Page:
Throughout most of the 19th century, the Dutch island of Curacao, located just off the coast of Venezuela, had serious coin shortages. Specie was scarce and only in the early 1890s did the governor suggest importing Dutch coins to the island; even these would quickly disappear from circulation. Small-change banknotes and a variety of other coins from countries around the world did little to alleviate the problem. The situation was made worse by gambling, which kept the remaining limited number of coins out of circulation. This caused continued problems for local community members who were unable to facilitate even the most basic of transactions. Even though a local newspaper report in 1891 stated there were no complaints about coin shortages this seemed to have been short-lived at best. When Venezuela restricted the repatriation its silver coins later that year, whatever coins were in circulation quickly disappeared, on their way back to Venezuela to beat the deadline.

By 1893 local trading companies had enough of the problem and decided to issue their own small-change notes. The first company to do so was S.E.L. Maduro & Sons, which became the most prolific issuer of these notes. Its first issue was printed locally by Neuman, one-sided on low quality paper of various colors. These were readily accepted in commerce. Soon thereafter Maduro and several other firms ordered banknotes from the Hamilton Banknote Company in New York, which entered circulation shortly thereafter, replacing the locally printed issue. Over the following years, eight firms (including some firms from nearby Aruba and Bonaire) would issue these traders’ notes.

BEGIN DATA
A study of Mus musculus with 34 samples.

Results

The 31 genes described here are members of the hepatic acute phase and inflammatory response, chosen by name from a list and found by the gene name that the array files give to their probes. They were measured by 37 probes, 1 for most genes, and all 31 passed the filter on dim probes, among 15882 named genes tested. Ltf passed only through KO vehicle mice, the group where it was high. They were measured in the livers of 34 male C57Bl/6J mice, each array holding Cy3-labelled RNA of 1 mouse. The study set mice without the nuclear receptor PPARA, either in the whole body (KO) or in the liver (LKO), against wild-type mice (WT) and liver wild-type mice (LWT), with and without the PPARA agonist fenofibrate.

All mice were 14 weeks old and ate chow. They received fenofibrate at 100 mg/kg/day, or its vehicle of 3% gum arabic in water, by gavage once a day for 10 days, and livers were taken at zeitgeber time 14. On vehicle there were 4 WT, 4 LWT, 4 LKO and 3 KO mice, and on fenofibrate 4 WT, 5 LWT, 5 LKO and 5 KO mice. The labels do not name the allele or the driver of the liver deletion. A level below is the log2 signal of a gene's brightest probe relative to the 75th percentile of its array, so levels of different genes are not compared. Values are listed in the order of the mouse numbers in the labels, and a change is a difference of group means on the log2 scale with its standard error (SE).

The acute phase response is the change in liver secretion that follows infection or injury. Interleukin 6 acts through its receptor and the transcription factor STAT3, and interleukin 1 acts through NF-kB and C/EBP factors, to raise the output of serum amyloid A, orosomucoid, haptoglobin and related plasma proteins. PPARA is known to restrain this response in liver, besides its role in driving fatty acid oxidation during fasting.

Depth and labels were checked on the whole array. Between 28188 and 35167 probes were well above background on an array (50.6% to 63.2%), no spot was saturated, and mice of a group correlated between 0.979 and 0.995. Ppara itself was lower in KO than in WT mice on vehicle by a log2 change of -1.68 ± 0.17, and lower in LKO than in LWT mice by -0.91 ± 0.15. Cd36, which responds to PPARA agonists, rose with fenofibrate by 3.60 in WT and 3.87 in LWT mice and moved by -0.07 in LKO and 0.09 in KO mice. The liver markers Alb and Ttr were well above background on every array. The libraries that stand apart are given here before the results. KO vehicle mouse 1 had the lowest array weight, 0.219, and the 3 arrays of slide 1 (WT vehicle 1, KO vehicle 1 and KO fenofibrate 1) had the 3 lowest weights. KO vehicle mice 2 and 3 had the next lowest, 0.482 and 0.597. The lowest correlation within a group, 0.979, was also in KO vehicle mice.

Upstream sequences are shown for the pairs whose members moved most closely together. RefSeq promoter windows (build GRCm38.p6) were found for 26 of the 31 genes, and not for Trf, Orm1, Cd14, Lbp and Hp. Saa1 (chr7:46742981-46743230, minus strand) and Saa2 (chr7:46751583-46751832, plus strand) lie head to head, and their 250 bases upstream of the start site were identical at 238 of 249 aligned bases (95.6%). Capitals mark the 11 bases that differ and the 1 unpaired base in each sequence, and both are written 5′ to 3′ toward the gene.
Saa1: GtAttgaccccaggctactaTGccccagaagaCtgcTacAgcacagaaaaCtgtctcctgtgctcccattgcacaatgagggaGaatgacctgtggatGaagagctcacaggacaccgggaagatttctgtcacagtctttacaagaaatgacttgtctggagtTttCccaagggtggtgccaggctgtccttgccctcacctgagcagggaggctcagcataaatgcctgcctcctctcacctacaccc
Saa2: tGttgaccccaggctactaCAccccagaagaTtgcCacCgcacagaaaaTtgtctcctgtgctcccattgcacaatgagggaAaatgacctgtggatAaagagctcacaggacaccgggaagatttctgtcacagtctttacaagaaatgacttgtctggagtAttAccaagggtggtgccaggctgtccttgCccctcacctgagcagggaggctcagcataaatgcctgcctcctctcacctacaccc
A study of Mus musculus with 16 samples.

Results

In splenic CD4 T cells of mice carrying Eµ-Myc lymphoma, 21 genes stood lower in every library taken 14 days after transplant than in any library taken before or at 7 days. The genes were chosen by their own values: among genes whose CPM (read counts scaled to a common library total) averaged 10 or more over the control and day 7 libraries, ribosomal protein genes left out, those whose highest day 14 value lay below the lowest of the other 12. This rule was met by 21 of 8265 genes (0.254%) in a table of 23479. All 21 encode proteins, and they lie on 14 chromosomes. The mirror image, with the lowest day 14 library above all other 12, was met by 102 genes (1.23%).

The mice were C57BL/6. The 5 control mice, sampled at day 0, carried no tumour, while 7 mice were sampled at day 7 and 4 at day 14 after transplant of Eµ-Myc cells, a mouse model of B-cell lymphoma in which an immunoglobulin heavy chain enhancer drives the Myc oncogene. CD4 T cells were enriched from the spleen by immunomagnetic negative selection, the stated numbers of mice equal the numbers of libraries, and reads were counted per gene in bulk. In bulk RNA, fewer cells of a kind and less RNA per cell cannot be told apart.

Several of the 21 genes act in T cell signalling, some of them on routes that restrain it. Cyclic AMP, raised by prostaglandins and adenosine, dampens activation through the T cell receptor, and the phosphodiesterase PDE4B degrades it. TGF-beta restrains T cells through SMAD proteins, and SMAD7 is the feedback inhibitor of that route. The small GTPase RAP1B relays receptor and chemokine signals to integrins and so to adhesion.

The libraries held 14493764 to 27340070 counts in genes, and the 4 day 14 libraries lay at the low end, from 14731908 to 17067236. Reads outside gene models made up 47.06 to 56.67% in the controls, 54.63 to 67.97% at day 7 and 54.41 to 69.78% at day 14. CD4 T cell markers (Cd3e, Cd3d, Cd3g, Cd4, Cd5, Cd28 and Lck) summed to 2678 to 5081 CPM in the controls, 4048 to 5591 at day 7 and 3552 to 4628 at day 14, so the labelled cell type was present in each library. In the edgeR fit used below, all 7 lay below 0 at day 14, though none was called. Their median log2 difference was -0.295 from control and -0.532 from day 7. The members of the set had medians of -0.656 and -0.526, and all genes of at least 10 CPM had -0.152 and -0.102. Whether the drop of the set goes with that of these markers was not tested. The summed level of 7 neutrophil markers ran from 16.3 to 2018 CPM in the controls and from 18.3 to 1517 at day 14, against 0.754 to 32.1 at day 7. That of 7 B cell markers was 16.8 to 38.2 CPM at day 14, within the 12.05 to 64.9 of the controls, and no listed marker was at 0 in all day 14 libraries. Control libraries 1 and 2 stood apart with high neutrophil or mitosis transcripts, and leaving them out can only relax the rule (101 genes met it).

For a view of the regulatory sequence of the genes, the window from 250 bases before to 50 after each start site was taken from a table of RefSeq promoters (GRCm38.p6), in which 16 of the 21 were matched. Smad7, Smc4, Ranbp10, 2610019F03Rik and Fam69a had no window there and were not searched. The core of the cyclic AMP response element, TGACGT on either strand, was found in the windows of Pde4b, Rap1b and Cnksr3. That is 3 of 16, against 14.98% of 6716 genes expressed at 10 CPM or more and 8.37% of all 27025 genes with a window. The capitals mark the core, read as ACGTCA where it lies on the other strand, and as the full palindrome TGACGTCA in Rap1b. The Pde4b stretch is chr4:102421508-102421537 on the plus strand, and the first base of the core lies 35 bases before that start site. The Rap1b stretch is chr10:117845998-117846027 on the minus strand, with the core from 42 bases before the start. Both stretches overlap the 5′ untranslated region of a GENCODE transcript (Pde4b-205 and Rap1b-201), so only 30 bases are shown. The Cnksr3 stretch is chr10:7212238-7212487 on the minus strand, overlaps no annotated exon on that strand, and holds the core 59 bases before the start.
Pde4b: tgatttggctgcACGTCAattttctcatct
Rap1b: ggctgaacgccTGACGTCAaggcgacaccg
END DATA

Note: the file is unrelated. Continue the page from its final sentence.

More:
Despite the issuance (and ready acceptance) of these traders’ notes, complaints about coin shortages continued. The government had introduced its own small-change notes that were not exchangeable in silver, but the amount was small and insufficient. In 1895, a separate coinage just for Curacao was suggested, but it was 1901 before a new coinage law was enacted which saw the first coins produced specifically for Curacao. Until then traders’ notes continued to circulate and were readily accepted by the local population.

The Landhuis Collection of Curacao offered at the Spring 2024 Maastricht Auction features numerous examples of these extremely rare traders’ notes, including a 50 centen from the first issue of Maduro which is possibly unique in private hands (lot 50288). Also offered are three of the four denominations of the second Maduro series, printed by the Hamilton Banknote Company (lots 50289, 50290 and 50291). Other firms represented are Wed. Willem P. Maal (a 1 gulden, lot 50292) and Meyer & Araujo (a 25 centen, lot 50293). These six notes in the Landhuis Collection represent one of the most advanced groups of these traders’ notes to come to the market in recent memory. For an example of one of the government notes issued to help with the coin shortage, see lot 50229, a 25 centen 1892.

For more information about consigning to Stack’s Bowers Galleries please contact Dennis Hengeveld at dennis@stacksbowers.com.